Published: June 24 2008

Nancy Mendenhall

Associate Chairwoman, Department of Radiation Oncology
UF College of Medicine-Jacksonville

It’s not that UF radiation oncologist Nancy Mendenhall, M.D., hasn’t always been enthusiastic about her work. She has specialized in lymphoma, Hodgkin’s disease, breast cancer and pediatric malignancies and has helped set national protocols for the treatment of childhood cancer while serving on national children’s oncology cooperative research groups.

She has been recognized as a top doctor in Good Housekeeping, Redbook and The Ladies’ Home Journal and has made the list of “The Best Cancer Doctors in America” four times.

And she served as chairwoman of UF’s department of radiation oncology in Gainesville for 13 years, strengthening its clinical research efforts, building on its physics program and starting a cancer biology program.

But it’s the prospect and the promise of the new UF Proton Therapy Institute in Jacksonville that has Mendenhall, well, simply beaming. She is leading medical operations at the new facility, which treated its first patient Aug. 14 and will offer a more precise form of radiation that could reduce the risk of complications and improve cure rates in cancer patients (see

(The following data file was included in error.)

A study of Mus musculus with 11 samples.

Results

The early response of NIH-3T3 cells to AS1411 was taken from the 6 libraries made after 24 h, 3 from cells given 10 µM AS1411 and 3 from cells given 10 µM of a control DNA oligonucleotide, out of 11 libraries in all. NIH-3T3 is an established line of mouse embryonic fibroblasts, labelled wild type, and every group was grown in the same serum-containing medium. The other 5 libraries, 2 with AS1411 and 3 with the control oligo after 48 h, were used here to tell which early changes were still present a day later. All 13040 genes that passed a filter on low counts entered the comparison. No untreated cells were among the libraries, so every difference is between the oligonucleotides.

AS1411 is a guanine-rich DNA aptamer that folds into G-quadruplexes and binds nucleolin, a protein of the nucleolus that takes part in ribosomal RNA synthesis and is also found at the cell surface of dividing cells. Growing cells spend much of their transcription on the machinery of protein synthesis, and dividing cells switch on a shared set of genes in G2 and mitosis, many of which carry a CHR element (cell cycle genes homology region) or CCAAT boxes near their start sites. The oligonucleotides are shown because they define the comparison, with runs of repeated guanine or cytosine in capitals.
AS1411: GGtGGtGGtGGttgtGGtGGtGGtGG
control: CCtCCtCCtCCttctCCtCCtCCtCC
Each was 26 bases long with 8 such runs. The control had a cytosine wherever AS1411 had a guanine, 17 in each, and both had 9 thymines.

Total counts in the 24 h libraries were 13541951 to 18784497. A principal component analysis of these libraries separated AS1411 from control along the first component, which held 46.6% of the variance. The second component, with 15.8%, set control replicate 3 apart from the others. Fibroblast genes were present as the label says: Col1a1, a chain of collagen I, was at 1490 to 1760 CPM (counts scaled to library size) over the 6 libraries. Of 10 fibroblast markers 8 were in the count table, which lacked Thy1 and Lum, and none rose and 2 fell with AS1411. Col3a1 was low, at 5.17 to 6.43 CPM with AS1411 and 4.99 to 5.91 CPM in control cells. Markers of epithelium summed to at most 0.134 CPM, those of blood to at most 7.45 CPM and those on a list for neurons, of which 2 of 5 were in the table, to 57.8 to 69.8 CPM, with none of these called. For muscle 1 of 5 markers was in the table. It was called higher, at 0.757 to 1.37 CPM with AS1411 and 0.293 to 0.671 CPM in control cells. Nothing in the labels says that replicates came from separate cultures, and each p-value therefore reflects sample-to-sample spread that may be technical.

“I am so excited about this,” Mendenhall said. “I’ve always liked every job that I have had, but I think I am most excited about this. What we envision is a maximally efficient clinical and research operation to investigate the best use of protons and proton therapy.”

Using protons to combat tumors allows doctors to treat cancer more aggressively because they can apply a higher dose of radiation than they would with conventional therapy. The tightly focused treatment beam targets malignancies, yet inflicts little damage on surrounding tissues. As a result, many patients experience fewer side effects.

The targeted dose of radiation is of particular benefit when a tumor is located in sensitive areas like the lung, brain, head and neck, eye, liver, prostate or pancreas. Proton therapy is also effective in treating advanced tumors of the breast, cervix and rectum.

Only four other centers in the country offer this form of therapy.

Mendenhall, also now the associate chairwoman of the radiation oncology department in Jacksonville, was the inspiration behind the development of the UF Proton Therapy Institute, which also is affiliated with the UF Shands Cancer Center. She first suggested it back in 1998 and subsequently served on its steering committee.

“We’ve accumulated experience over the years, and technology, to create from the ground level a product that will be better than anything we have had in the past,” she said.